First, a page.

An Assistant Professor at the Bloomberg-Kimmel Institute for Immunotherapy at Johns Hopkins, Dr. Leone has focused on investigating the relevance of the metabolic characteristics of the tumor microenvironment to immune cell function. His work in purine and glutamine metabolism has uncovered novel mechanisms of immune response modulation based on cellular metabolism. Research studying adenosine signaling in T cells has provided the preclinical basis for several clinical trials using adenosine receptor antagonists in solid tumors and hematologic malignancies. More recent work has focused on glutamine metabolism and its role in the immune response to cancer. In this regard, he has established the feasibility of exploiting the differential metabolic plasticity of cancer and immune cells to trigger robust anti-tumor responses. His present work is focused on elucidating specific molecular mechanisms of adaptive immune response to metabolic perturbations, especially metabolically dependent mechanisms of T cell differentiation engaged in anti-tumor response.


  • Assistant Professor of Oncology

Departments / Divisions

  • Oncology - Immunology and Hematopoiesis

Education

Degrees

  • B.A.; Harvard University (Massachusetts) (1989)
  • M.D.; Yale University School of Medicine (Connecticut) (2010)

Research & Publications

Research Summary

In addition to canonical activation and cytokine signaling, immune cell phenotype and function are exquisitely tuned to nutrient and metabolic conditions. In this regard, our previous work revealed that glutamine antagonism could markedly condition the differentiation of effector CD8 T cells, enhancing long-lived, memory-like phenotypes and improving intra-tumoral survival and proliferative capacity in mouse tumor models (Leone, et al., Science, 2019). Building on these observations, our lab is interested in elucidating specific molecular mechanisms of adaptive immune response to metabolic perturbations. Of particular interest are metabolically dependent mechanisms of T cell differentiation. Our approach includes assessment of transcription factor modulation, metabolic enzyme moonlighting, metabolically responsive enzymatic processes resulting in altered posttranslational modifications (e.g., methylation, acetylation), spliceosomal modulation, cellular stress response, as well as bioactive lipid signaling, and cancer/immune cell co-metabolism. This work requires integration of a broad range of techniques including high-dimensional flow cytometry, mass spectrometry (e.g., metabolomics, stable isotope tracing, multiple reaction monitoring), metabolic flux analyses, advanced proteomics, single-cell transcriptomics and epigenomics, CRISPR/Cas9 gene editing, microscopy, and metabolic imaging agents. We employ an extensive range of immunologic models in mice, in vitro studies, as well as patient samples. Our goal is to elucidate fundamental cellular processes activated in response to metabolic events that have broad implications for development of immune-based therapeutics.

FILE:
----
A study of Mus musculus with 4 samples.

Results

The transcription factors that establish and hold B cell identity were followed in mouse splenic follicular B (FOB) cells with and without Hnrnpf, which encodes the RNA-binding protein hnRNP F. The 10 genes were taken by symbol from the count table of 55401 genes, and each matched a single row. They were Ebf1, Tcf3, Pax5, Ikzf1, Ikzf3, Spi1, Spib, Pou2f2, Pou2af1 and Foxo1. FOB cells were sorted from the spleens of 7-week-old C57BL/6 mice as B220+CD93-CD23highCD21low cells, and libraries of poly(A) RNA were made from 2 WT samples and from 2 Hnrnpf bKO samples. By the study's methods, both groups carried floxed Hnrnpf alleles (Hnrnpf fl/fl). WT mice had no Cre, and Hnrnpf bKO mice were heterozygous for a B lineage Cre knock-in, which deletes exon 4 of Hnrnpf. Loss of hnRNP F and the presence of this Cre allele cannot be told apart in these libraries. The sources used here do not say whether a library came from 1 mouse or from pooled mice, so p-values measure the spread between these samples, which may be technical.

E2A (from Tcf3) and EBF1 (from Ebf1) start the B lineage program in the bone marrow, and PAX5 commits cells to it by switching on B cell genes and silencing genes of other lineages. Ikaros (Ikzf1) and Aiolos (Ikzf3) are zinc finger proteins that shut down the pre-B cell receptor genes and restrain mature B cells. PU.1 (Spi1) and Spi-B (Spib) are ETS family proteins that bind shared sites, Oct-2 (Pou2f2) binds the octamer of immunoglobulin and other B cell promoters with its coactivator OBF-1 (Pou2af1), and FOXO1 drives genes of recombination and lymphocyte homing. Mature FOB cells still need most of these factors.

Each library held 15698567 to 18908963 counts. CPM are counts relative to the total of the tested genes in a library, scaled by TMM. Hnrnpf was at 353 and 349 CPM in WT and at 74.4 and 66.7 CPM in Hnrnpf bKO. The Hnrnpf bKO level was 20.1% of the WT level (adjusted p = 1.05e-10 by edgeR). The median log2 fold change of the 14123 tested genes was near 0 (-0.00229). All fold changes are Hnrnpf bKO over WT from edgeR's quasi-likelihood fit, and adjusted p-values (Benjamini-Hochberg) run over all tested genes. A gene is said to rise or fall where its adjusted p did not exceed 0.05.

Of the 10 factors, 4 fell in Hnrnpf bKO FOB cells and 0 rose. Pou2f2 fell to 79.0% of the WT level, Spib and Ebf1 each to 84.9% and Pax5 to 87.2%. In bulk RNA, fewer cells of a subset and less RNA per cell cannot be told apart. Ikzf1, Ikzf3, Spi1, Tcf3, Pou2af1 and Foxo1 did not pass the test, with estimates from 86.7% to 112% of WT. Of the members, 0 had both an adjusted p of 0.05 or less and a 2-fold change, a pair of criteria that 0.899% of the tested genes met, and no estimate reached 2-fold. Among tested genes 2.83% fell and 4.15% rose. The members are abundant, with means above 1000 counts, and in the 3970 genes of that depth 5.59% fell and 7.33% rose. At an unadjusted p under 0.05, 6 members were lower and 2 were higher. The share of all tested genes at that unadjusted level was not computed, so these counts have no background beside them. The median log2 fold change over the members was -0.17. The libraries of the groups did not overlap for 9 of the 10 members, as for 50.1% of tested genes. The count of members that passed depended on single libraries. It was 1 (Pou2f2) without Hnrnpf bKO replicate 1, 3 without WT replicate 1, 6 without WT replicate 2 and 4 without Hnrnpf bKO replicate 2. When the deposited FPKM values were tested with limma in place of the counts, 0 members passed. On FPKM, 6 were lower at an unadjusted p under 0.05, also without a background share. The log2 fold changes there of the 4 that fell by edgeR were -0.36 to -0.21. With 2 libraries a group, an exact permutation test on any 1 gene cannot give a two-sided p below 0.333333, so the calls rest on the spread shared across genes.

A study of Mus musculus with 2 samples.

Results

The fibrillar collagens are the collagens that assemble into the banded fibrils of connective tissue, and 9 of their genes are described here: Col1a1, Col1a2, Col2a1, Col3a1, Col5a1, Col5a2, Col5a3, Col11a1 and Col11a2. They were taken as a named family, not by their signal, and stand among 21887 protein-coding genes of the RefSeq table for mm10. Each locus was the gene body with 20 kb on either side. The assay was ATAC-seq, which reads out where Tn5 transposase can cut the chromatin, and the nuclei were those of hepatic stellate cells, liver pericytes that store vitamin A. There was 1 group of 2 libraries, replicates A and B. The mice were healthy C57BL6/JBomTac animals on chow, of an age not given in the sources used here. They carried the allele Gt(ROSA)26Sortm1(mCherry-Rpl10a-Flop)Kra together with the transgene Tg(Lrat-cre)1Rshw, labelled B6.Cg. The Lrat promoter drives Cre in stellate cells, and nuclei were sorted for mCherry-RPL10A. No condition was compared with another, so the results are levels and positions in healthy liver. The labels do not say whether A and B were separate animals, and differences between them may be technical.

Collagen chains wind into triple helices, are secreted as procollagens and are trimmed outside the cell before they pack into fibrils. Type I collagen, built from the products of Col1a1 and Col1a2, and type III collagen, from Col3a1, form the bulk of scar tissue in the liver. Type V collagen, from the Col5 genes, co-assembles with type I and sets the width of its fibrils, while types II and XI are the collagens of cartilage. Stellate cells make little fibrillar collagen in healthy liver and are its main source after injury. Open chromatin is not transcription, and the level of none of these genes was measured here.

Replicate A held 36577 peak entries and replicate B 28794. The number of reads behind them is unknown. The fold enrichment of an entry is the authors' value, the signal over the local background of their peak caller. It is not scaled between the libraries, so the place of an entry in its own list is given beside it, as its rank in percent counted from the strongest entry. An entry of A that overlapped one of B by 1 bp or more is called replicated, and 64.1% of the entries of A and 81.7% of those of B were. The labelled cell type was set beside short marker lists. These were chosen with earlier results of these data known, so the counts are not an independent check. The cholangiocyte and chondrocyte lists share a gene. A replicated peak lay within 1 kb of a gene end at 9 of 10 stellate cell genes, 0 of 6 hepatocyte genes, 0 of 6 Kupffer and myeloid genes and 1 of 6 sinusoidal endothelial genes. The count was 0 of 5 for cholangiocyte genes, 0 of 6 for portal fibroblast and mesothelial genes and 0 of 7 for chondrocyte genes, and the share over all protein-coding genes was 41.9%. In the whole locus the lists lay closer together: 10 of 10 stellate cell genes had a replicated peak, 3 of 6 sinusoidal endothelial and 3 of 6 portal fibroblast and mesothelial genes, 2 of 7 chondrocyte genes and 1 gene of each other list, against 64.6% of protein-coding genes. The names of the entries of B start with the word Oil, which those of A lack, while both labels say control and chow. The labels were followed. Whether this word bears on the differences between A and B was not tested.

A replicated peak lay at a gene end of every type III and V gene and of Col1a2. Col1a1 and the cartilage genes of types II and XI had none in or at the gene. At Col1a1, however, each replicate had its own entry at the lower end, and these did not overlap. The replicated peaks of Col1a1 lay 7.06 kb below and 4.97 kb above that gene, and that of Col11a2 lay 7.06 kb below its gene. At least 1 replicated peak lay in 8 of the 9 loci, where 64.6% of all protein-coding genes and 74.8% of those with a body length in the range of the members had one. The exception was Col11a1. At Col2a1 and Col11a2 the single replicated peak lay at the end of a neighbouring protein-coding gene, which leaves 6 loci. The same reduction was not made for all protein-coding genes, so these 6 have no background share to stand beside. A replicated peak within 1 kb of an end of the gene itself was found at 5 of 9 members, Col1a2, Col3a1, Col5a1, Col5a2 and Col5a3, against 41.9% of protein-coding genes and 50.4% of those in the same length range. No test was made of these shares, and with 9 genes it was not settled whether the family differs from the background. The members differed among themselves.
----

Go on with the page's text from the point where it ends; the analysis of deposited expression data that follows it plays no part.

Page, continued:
Selected Publications

View all on PubMed

Leone RD, Powell JD.Metabolism of immune cells in cancer. Nat Rev Cancer. 2020 Sep;20(9):516-531

Leone RD, Zhao L, Englert JM, Sun IM, Oh MH, Sun IH, Arwood ML, Bettencourt IA, Patel CH, Wen J, Tam A, Blosser RL, Prchalova E, Alt J, Rais R, Slusher BS, Powell JD.Glutamine blockade induces divergent metabolic programs to overcome tumor immune evasion. Science. 2019 Nov 22;366(6468):1013-1021

Leone RD, Sun IM, Oh MH, Sun IH, Wen J, Englert J, Powell JD. Inhibition of the adenosine A2a receptor modulates expression of T cell coinhibitory receptors and improves effector function for enhanced checkpoint blockade and ACT in murine cancer models. Cancer Immunol Immunother. August 2018;67:1271-84

Leone RD, Horton MR, Powell JD. Something in the air: hyperoxic conditioning of the tumor microenvironment for enhanced immunotherapy. Cancer Cell. 2015 Apr 13;27(4):435-6

Leone RD, Powell JD. Metabolism of Tumor Immunity. In Cancer Immunotherapy Principles and Practice, 2nd Edition. L. H. Butterfield, H. L. Kaufman, F. M. Marincola, P. A. Ascierto, & R. K. Puri (Eds.), (pp. 410-420). New York: Springer Publishing Company

Patents

Methods for cancer and immunotherapy using prodrugs of glutamine analogs.
Patent # 10,842,763 | 

Slusher B, Powell J, Tenora L, Majer P, Jancarik A, Leone RD, Englert J, inventors. The Johns Hopkins University, assignee. Methods for cancer and immunotherapy using prodrugs of glutamine analogs. United States 10,842,763. 2020 November.

Metal Organothiol Particles
Patent # 6,369,206 | 

Leone RD, Hainfeld JF. US Patent 6,369,206, Metal Organothiol Particles. April 9, 2002.

Small Organometallic Probes.
Patent # 5,521,289 | 

Hainfeld JF, Leone RD, Furuya FR, Powell RD. US Patent 5,521,289. Small Organometallic Probes. May 28, 1996.